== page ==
It’s hard to come up with that the absolutely best thing about #lats09 has been but one of the best is actually getting to meet all the people I’ve been tweeting with and blogging about for several years (PLN).
Sitting around the table at the Bloggers Cafe in real life instead of just virtually is fantastic.
It’s also been a great time to add new people to my twitter friends list; to watch people sign up and start tweeting during keynotes or sessions at the Blogger’s Cafe.
One of the cool things is to meet people like the keynote speakers online via their blogs or tweets and then to talk with them during the conference.
One of the other things is going to conference with colleagues and you see another side of them – and you also have amazing professional discussions at all times of the day and night.
I’ve discovered that I can access our entire twitter stream that we hash-tagged and take another look at our conversations – http://hashtags.org/tag/lats09.
Another of the great things about L@S09 was the collaboration. Not just through twitter feeds with questions and answers flying thick and fast; but right from the first keynote when @heheboy opened a collaborative document and 8 of us took notes together – and then opened another one so some more people could take notes. People helped others tweak their presentations, suggested content, loaned equipment, shared the load. I’ve already posted the blogger photo of 12 of the conference bloggers/tweeters who enjoyed the chance to meet f2f. But perhaps the very best example of collaboration can be found on @NZchrissy’swebsite and on a youtube video – planned by @Allanahk it was a kind of flashmob event where those of us in the know (mainly conference tweeters) invaded the front of the auditorium at the start of Wes Fryer‘s keynote (note that he joined in as well) and while @Allanahk‘s collaborative video was being shown on the screen we were doing the dance – and @NZchrissy was dancing in Bangkok – international flashmob!
Every year, before the summer convention season gets underway, I pull some excerpts from whatever I plan to release in the fall, take them to my local print shop, and make a deliberately lo-fi, limited edition chapbook to take with me on the obligatory summer convention circuit.
Two hours ago he posted this on twitter: “Hey Twitterverse: how would you feel about a digital version of Sunken Treasure for about $5?”
One hour ago he posted a link to where it could be downloaded.
23 minutes ago he posted this: “This is unreal. The PDF sales of Sunken Treasure in the last hour are over 1/5 of the total print sales in the last 28 days.”
Now I know that we’re talking about a very high profile person with a huge fan following (~124,000 people on twitter alone); and he’s self-publishing via Lulu but the maths for this is interesting.
Say he sold 100 books in the last 28 days – @ $13 each – that’s $1300.
Based on his comment he therefore sold 20 eBooks in the last ~30 mins – @ $5 each – that’s $100
However, say he sold 500 books in the last 28 days – @ $13 – that’s $6500; and 100 eBooks @ $5 is $500 (in ~30 mins)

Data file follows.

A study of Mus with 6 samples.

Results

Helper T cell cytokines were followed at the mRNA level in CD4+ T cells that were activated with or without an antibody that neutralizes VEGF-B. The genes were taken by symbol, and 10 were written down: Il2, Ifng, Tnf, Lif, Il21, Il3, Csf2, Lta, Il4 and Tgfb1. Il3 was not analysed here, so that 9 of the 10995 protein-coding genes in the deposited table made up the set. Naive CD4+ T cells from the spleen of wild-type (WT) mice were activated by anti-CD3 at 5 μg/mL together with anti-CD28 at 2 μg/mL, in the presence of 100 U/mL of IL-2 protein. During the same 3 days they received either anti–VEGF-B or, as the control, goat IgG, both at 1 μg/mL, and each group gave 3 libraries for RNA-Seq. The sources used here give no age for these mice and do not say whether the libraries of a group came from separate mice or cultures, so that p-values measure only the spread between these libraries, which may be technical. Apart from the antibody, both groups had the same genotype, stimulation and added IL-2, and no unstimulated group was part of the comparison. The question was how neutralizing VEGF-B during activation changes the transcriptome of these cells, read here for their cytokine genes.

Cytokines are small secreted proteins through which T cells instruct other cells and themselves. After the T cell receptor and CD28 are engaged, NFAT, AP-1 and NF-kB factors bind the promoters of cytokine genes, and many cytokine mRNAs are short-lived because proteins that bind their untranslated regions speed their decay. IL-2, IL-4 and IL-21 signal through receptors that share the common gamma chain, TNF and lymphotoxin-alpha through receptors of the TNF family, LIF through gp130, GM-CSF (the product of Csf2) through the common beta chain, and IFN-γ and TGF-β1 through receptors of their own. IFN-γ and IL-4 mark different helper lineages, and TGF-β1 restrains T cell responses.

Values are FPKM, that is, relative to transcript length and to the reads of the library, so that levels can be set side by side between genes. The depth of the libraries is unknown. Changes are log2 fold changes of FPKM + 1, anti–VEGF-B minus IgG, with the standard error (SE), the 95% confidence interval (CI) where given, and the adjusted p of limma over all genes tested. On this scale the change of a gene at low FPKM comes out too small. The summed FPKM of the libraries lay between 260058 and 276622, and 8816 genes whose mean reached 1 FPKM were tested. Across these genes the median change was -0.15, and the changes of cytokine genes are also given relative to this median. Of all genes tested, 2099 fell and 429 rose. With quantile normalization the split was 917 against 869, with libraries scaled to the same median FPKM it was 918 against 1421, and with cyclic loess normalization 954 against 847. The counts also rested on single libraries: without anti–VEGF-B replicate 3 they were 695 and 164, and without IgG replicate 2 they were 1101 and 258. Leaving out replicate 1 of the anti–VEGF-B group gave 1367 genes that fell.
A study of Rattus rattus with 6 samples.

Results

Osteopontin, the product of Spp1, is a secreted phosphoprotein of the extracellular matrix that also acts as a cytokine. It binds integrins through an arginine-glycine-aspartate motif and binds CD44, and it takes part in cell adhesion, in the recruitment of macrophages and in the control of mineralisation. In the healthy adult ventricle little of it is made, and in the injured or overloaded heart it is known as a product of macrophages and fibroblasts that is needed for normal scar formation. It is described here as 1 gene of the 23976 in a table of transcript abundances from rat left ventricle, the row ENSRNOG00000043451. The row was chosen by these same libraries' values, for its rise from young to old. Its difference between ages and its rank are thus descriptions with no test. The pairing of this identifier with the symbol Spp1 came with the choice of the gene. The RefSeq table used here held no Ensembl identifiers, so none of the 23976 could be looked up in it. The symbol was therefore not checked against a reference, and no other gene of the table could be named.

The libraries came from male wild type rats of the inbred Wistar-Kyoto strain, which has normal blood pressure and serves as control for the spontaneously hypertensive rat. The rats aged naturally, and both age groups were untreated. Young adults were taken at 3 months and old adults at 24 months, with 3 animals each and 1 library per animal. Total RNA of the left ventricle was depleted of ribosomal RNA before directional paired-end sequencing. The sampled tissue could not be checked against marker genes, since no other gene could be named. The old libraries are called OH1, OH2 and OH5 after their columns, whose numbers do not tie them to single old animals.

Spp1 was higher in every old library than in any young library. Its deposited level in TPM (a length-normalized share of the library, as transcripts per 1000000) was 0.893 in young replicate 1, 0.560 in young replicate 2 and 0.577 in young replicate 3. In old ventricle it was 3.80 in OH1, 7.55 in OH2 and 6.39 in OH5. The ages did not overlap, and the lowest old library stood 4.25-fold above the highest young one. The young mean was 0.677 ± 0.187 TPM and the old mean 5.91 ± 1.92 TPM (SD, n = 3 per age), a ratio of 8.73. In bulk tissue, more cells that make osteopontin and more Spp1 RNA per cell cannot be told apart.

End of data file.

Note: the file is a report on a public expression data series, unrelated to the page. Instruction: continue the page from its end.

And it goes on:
Those are very cool figures.
Depending on how you manage your book sales you could actually end up making more money from eBooks than from print books.
It’s a great example of Web2.0 marketing!
And as an aside – yes i did purchase the $5 book – and it was followed by an email from the man himself (ok it was an automated email but still a nice touch) thanking me for buying the book!
It’s been a hard week at school – last Saturday a former teacher & friend, Sarah, died unexpectedly. She was 26. On Wednesday a number of us travelled up to Hawera for her funeral. It’s hard to say goodbye to someone so young. It’s hard, in fact, to believe that she’s really gone! And it’s hard working amongst memories of her.
I came away from the funeral with the thought that I need to enjoy my kids (my own) more – do more with them – take more photos of them and with them – because sometimes life doesn’t always pan out how you plan it to.
Take some time and hug your kid today – even if they’re adults.
I’m always excited at the start of a new year. There’s something about a new class full of students – the challenge to get to know them and their quirks; the challenge to inspire and excite them about learning; and the challenge to stay creative and forward-thinking in my teaching.
I spent 5 weeks in the USA – Montana – over the holidays and had a blast! I even managed to fit in a couple of school visits which were very interesting. Kiwi teachers would find US classrooms/teaching practise very different in many ways.
I’m heading off to Learning@School in a week or so – and am very excited to be able to meet up with some more people from my twitter and blogging lists. I was there in 2007 and met Allanah, Chrissy and Simon. I’ve since met Andrew, Suzie and Rachel at another conference. This time I hope to meet Erin, Heath, Amanda, Toni and some others at the Bloggers Cafe.
I’m also watching the bushfires very closely at the moment – my brother lives in Pakenham which is south-east of Melbourne and south-ish of the Bunyip fire – what an horrific loss of life and property – and I , like many teachers, have been thinking of the schools and the children who have been lost – and when they are able to start up the gaps in classrooms.